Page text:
Sara Berman’s Closet, recently opened at the Met, is a startling installation created by curator-director Alex Kalman and his mother, the artist Maira Kalman.
In the American Wing of the Metropolitan Museum of Art, I was accompanied by artists Alex Kalman and Maira Kalman to their installation called “Sara Berman’s Closet” — a re-creation of the closet that belonged to Maira’s immigrant mother. Berman lived from 1920 to 2004 and spent the end of her life by herself in a small apartment in Greenwich Village. In a brilliant juxtaposition arranged by Amelia Peck, the curator of the show, the quiet and understated room is presented near the Gilded Age dressing room of a woman named Arabella Worsham, from 1882.
“We thought of it as a work of art,” Maira says, describing her late mother’s immaculate, ordered closet — filled with only shades of white clothing — in the studio apartment she lived in on Horatio Street starting in 1982, when she left her husband after 38 years of marriage. The installation, seen here, re-creates Sara’s actual closet on a similar scale, but most everything in the installation belonged to Sara and was kept as you see it here.
Sara Berman’s Closet was originally shown at Alex Kalman’s Mmuseumm 2 on Cortlandt Alley, in Tribeca, in 2015. Alex founded Mmuseumm with brothers Benny and Josh Safdie in 2012, and he now runs the museum on his own.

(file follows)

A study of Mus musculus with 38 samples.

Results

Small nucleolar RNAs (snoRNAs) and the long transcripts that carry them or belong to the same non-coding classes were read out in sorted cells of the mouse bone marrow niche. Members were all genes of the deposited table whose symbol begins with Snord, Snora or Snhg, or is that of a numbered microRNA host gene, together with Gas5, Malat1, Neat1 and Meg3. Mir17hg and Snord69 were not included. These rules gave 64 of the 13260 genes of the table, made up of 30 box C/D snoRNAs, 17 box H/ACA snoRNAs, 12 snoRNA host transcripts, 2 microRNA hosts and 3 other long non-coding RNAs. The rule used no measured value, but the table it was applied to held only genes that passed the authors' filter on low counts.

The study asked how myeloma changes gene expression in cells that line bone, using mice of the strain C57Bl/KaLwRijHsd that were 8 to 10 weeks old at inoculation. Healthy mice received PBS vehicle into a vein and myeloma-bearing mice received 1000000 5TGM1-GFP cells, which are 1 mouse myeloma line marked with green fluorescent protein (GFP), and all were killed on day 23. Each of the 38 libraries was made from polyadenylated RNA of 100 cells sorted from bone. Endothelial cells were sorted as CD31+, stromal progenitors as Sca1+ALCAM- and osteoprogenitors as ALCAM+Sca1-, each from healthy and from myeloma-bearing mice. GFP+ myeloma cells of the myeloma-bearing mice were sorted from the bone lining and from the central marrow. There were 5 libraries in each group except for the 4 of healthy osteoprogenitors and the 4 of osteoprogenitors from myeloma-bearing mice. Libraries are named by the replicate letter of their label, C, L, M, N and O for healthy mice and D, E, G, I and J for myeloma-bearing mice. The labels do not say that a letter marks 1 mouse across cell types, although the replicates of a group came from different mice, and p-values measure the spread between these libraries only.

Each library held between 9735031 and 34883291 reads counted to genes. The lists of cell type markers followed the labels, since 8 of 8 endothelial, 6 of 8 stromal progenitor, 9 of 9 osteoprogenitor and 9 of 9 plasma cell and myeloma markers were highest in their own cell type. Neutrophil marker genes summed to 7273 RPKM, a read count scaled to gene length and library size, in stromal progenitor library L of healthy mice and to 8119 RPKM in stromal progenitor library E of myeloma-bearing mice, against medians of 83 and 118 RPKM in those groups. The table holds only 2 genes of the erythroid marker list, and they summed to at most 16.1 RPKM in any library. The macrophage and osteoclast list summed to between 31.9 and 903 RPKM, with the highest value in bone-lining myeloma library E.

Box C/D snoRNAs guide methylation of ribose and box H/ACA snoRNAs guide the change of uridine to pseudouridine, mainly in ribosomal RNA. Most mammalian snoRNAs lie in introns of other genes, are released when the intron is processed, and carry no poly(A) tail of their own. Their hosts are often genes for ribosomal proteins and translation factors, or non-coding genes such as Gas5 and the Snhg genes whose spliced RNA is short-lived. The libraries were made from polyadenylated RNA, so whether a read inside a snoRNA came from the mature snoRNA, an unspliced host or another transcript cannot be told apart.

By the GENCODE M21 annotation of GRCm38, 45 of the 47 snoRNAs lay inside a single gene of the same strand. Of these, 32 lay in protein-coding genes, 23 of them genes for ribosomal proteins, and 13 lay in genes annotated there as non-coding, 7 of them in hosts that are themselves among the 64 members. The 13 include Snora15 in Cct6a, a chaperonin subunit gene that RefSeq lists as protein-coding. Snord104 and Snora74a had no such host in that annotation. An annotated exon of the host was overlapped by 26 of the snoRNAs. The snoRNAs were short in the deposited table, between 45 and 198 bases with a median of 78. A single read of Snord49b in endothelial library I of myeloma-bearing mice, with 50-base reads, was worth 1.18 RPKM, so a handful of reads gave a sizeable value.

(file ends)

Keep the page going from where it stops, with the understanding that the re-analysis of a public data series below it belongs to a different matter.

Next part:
These three watches belonged to, and were designed by, Alex’s late father, the brilliant graphic designer and creator of M&Co., Tibor Kalman. Sara wore all three watches at the same time, each one set to a different time zone.
This shows some of the clothing and accessories within the closet, along with a photograph of Sara, taken on a trip to Rome when she was 74, so striking in her whites. Sara was born in the village of Lenin, Belarus, in 1920, and she moved to Tel Aviv in 1932. In 1954, she and her husband and two daughters, Maira and Kika, moved from Tel Aviv to the Bronx.
This child’s school chair, which once belonged to Sara, is featured across from the closet; it’s one of five children’s chairs that she used as dining chairs in her studio apartment.
“It was joyful and absurd,” Alex recalls of his family sitting around this table during dinner. “We’d all sit there and eat dinner and it was very natural.” Even though, he notes, “My father was six-foot-two.” Maira’s sister, the artist and interior designer Kika Schoenfeld, helped decorate the apartment and did the painting over the table.
The apartment, like Sara’s closet, included what she needed and what delighted her. The beach balls were one of Sara’s follies. “My sister used them in an installation at her office and brought them home for my mother.” Maira says, “We used to toss them around after dinner. Her sense of order was not rigid,” she adds. “Just artistic.”